Estimates are that anywhere between 22 and 50 veterans commit suicide every day in our country. Although it’s a tragedy, I don’t find it very shocking.
We have spent 14 years at war, throwing our young men and women (yes, women see combat too, despite an outdated combat-exclusion policy) into fights that were poorly planned and executed. The problem is that we do not have adequate services in our country to tackle the myriad issues associated with the ugly outcomes borne of killing enemies.
Recognizing the problem of veteran suicide is a great first step, but what do we plan to do about it? I transitioned out of the Navy about a year and a half ago and have been actively involved in civic issues, but something has been missing.
Although our region has a large footprint of military, defense industry and veterans population, our candidates and politicians — particularly at the city level — aren’t leading meaningful public discussions about the real issues facing veterans.
While the city of San Diego is prone to lip service, the county provides a helpful counter-example. Chairman Bill Horn and Vice Chairman Dave Roberts are extraordinarily committed to serving our veterans in a manner commensurate with their service.
They have declared 2015 Year of the Veteran and have reorganized veterans services at the county, pulling them out from Aging and Independence Services, for example, to report directly to the director of Health and Human Services.
Consider the city level for contrast. Until 2009, the city charter included a veterans hiring policy that only awarded extra points to those who had served during the time of the draft. Councilmember Todd Gloria was able to amend the city’s hiring policy to account for veterans who served in any war.
That’s wonderful, but why did it take so damn long? We had already been at war for eight years by the time Gloria’s change was implemented. The change wasn’t opposed, but no one had previously thought of it. Given the concentration of veterans in our region, that is a telling indicator of how veteran-related policies are stuck on the backburner of everyone’s minds.
The good news is that we have organizations like 2-1-1, the San Diego Veterans Coalition and the United Veterans Council working hard to increase services and provide help garnering resources for our veterans. 2-1-1 provides a regularly updated, constantly improving one-stop shop for all veterans services in the region. It is the government’s job to provide these services to veterans. It is the commitment we make, as a country, to our men and women while they are in uniform.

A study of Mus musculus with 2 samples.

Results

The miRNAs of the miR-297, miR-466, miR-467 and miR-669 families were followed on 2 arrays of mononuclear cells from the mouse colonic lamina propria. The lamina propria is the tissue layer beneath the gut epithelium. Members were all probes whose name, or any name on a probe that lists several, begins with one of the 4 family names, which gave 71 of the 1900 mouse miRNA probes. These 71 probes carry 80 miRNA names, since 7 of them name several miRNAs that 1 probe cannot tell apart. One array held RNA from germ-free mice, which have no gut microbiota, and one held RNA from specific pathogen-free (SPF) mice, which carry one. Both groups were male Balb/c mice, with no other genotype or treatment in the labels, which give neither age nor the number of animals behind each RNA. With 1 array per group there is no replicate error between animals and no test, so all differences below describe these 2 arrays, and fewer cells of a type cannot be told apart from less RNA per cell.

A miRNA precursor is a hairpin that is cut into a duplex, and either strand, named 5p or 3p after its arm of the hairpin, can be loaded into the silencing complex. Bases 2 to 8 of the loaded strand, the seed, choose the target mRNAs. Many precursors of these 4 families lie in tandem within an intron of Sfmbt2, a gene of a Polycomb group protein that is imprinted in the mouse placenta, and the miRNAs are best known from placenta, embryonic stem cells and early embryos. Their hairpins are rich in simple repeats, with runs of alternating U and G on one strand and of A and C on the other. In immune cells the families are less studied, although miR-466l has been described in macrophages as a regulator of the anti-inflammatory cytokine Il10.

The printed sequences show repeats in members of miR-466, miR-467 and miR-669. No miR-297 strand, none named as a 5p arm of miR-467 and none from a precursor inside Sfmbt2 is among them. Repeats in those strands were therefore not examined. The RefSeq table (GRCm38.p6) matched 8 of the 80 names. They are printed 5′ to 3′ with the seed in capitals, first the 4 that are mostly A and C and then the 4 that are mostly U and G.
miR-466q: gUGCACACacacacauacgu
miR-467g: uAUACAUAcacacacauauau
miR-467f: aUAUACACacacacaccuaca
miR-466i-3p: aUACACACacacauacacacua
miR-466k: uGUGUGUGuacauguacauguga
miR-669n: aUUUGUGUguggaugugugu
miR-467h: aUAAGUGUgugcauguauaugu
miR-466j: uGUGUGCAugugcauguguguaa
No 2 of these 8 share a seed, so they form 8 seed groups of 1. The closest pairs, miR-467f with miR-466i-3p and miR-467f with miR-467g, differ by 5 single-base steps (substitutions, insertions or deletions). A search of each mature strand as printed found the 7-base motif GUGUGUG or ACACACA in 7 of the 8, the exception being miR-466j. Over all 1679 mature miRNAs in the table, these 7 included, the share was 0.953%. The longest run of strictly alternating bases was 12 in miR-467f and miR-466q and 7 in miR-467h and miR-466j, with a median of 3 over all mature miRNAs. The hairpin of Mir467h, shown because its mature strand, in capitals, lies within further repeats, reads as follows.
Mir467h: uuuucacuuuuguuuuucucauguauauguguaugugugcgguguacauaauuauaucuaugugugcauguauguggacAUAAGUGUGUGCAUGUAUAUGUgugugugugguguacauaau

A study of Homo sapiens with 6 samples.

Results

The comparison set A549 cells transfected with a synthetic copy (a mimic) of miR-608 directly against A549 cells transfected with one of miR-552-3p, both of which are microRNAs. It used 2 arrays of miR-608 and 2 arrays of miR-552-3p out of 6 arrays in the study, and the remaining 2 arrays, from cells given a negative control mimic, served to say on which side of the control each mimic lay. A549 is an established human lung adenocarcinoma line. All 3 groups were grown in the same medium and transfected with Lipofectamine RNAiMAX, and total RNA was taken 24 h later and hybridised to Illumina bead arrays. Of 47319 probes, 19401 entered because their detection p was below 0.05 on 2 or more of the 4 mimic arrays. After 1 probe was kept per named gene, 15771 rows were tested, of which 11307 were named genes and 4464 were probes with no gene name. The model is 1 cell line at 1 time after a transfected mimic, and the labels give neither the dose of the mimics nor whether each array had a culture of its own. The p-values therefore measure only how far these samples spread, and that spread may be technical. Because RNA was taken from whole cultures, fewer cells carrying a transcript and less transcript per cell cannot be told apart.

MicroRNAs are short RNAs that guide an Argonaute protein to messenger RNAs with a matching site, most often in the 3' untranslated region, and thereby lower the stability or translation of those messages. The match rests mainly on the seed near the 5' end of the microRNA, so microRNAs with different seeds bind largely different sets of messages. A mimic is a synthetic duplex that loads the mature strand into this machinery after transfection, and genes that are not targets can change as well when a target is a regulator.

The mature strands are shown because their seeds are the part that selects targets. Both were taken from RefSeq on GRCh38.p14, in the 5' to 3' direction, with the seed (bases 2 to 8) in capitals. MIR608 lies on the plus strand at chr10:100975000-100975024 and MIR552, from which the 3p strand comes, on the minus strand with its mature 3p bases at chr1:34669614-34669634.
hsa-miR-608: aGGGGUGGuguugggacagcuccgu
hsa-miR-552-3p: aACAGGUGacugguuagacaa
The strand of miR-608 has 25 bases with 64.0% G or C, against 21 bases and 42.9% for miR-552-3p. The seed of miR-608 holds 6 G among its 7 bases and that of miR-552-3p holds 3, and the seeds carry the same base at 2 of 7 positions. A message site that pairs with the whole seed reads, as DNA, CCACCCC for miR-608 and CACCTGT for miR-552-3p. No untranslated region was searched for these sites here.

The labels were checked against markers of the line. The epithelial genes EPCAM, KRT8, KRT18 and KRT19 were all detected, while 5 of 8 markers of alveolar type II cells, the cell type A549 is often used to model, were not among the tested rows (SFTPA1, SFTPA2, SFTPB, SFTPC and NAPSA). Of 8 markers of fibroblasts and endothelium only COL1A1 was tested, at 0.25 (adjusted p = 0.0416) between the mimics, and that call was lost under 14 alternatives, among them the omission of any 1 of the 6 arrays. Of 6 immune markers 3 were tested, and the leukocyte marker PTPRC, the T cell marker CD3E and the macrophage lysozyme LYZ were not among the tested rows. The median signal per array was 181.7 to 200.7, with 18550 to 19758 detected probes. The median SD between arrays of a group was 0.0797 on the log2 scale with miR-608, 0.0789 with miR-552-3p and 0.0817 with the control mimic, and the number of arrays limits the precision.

There is plenty of room for improvement at the city level without duplicating these great efforts. How about throwing veterans toward public safety?
A recent Department of Justice report was critical of San Diego Police Department misconduct, and Chief Shelley Zimmerman seems pretty committed to addressing them. Guaranteeing veterans an interview with SDPD could go a long way toward remedying its recruiting and retention issues.
The city could even lead the effort to work with California Peace Officers Standards and Training Commission to establish a program allowing for a truncated police academy. What if Navy veterans — all of whom are trained firefighters — had a truncated fire academy?
But the city could do more than just reform niche areas. What if the city committed to hiring x number of veterans a year, or gave the veterans they have on contract a 3 percent across-the-board salary increase?
For infrastructure projects, we could commit to using companies with a high concentration of veterans. And some Community Projects, Programs, and Services money would be well-spent on veterans’ mental health programs to counter the suicide rate that everyone agrees we must do something about.
Mayor Kevin Faulconer and council, if you want to show veterans you care, a website is not the answer. We already have that and, frankly, city IT doesn’t have a reputation for being the most innovative organization.
The answer is small, but meaningful, policy changes that reflect your commitment to the men and women in our region who had the courage to serve. The first step? Declare 2015 The Year of the Veteran alongside the county.
What about the future? I say that veterans, military families, and their supporters need to force a conversation in 2016. Candidates, tell us what you plan to do to help provide services to veterans. Tell us how you will improve education, employment and transition services. Give specifics.
Be careful, though: Veterans possess a unique ability to detect bullcrap, and we respect those who say what they mean and mean what they say.